I came upon an excellently written post on Patheos by Libby Anne and thought it would be of interest to readers of Canadian Atheist. Her piece is called Anna Duggar and the Silencing Power of Forgiveness. If you are unfamiliar with the Duggar’s or their recent scandal with their eldest son, here is what you need to know: TLC ran a reality TV show called 19 Kids and Counting about an evangelical family homeschooling their 19 kids (it has been pulled recently because of the scandal). Many viewers saw the TV series as a wholesome show about family values (which is often short hand for Christian and god-fearing). Josh Duggar, the eldest son, married a Christian girl who had never gone on a date, was home schooled and never went to university and their courtship and wedding was all part of the show. Michelle Duggar, Josh’s mother, was recently criticized when she used her celebrity to demonize the LGBTQ community in a robocall (see this Change.org petition for more details); this is what she said in her robocall:
Hello, this is Michelle Duggar. I’m calling to inform you of some shocking news that would affect the safety of Northwest Arkansas women and children.
The Fayetteville City Council is voting on an ordinance this Tuesday night that would allow men – yes I said men – to use women’s and girl’s restrooms, locker rooms, showers, sleeping areas and other areas that are designated for females only. I don’t believe the citizens of Fayetteville would want males with past child predator convictions that claim they are female to have a legal right to enter private areas that are reserved for women and girls.
The hypocrisy of this robocall is enormous as Michelle Duggar had already worked with her husband and others to cover up her son’s sexual assault of children and she has the gall to accuse LGBTQ of being child predators?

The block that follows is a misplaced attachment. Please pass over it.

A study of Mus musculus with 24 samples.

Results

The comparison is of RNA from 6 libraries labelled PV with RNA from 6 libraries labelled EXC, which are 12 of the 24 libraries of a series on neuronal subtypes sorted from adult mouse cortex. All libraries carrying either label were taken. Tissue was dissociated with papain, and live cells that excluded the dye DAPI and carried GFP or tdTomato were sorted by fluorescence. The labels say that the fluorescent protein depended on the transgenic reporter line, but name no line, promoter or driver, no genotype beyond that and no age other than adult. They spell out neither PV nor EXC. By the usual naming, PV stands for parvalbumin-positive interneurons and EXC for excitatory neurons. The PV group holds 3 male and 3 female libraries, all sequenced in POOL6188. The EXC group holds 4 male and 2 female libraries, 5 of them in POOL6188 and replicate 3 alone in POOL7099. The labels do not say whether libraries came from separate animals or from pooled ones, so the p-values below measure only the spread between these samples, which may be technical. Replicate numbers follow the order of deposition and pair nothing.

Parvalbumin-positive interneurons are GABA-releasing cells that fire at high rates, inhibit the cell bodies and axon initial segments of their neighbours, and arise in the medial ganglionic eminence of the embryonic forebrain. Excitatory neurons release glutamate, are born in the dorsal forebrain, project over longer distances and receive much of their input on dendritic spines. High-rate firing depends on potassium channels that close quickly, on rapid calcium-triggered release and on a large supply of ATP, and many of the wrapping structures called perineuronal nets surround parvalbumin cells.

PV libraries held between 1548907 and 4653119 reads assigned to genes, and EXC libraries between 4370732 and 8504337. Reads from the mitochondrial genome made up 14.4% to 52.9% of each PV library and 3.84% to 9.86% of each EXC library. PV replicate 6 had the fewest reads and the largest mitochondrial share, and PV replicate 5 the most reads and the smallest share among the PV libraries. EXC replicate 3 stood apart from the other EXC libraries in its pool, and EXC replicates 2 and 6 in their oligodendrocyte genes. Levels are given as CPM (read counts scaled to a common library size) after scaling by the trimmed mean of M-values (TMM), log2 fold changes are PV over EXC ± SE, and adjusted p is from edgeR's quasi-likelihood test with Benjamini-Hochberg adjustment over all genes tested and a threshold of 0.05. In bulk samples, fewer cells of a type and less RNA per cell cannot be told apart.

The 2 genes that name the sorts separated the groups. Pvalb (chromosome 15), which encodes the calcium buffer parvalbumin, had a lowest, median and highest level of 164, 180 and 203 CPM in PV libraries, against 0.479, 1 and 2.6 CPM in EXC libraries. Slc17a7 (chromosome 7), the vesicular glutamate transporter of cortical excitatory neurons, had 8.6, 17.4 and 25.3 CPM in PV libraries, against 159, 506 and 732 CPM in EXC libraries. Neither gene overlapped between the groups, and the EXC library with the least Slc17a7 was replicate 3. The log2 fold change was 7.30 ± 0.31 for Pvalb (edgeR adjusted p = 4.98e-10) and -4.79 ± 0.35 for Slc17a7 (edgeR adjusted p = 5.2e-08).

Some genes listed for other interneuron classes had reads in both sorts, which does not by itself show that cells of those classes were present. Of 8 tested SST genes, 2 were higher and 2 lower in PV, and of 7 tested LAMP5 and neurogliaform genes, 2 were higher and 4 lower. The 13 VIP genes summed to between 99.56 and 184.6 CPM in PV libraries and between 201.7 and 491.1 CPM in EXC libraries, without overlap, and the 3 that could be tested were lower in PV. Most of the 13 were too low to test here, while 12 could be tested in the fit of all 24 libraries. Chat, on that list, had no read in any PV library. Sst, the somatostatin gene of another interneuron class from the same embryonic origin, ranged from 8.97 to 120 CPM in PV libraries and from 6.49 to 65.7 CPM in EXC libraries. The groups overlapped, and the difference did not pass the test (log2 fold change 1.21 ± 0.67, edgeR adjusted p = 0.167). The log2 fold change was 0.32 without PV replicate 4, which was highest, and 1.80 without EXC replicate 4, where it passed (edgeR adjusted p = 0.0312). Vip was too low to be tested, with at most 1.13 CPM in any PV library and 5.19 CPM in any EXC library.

Now that you have the background information, do read the post I linked to above as it makes important points about Christian forgiveness and how that forgiveness silences victims.
Thanks, Diana, Libby Anne’s post was eye-opening. As soon as she points out that fundies use forgiveness to silence critics/evade trouble it’s like, Duh, why didn’t I think of that?
Thanks Diana. This whole event is so horrifying – not just the original abuse by Duggar, but the way so many are reacting as if he and the cult he belongs to are the victims.
The way he describes his teenage temptations, it’s like he could do anything he liked as long as he confessed afterwards. He knew there would be no real consequences.
I’m not from a Christian background, so I’ve always found the way they talk… a little weird.
I’d never really given much thought to it before this incident hit the blogwaves, but it suddenly struck me that the way Christians talk about “sinning” is a lot like the way military people talk about murder and destruction. They use euphemisms. A military man might say something like “we used intelligence derived from an enhanced interrogation to perform a surgical strike, but there was some collateral damage”, which sounds a lot nicer than “we tortured someone then bombed a place, but killed some innocent bystanders”.
A Christian might say “I was tempted and suffered some spiritual failings, but with the guidance of my priest and my family, my faith pulled me through it”. But what that really means – as demonstrated by the example Libby Anne gives – could even apparently be something like “I molested some kids, and my priest and family helped cover it up”.
From now on I’m going to start thinking of Christian doublespeak the same way I think of military jargon: as euphemism to cover up something that might be truly horrific.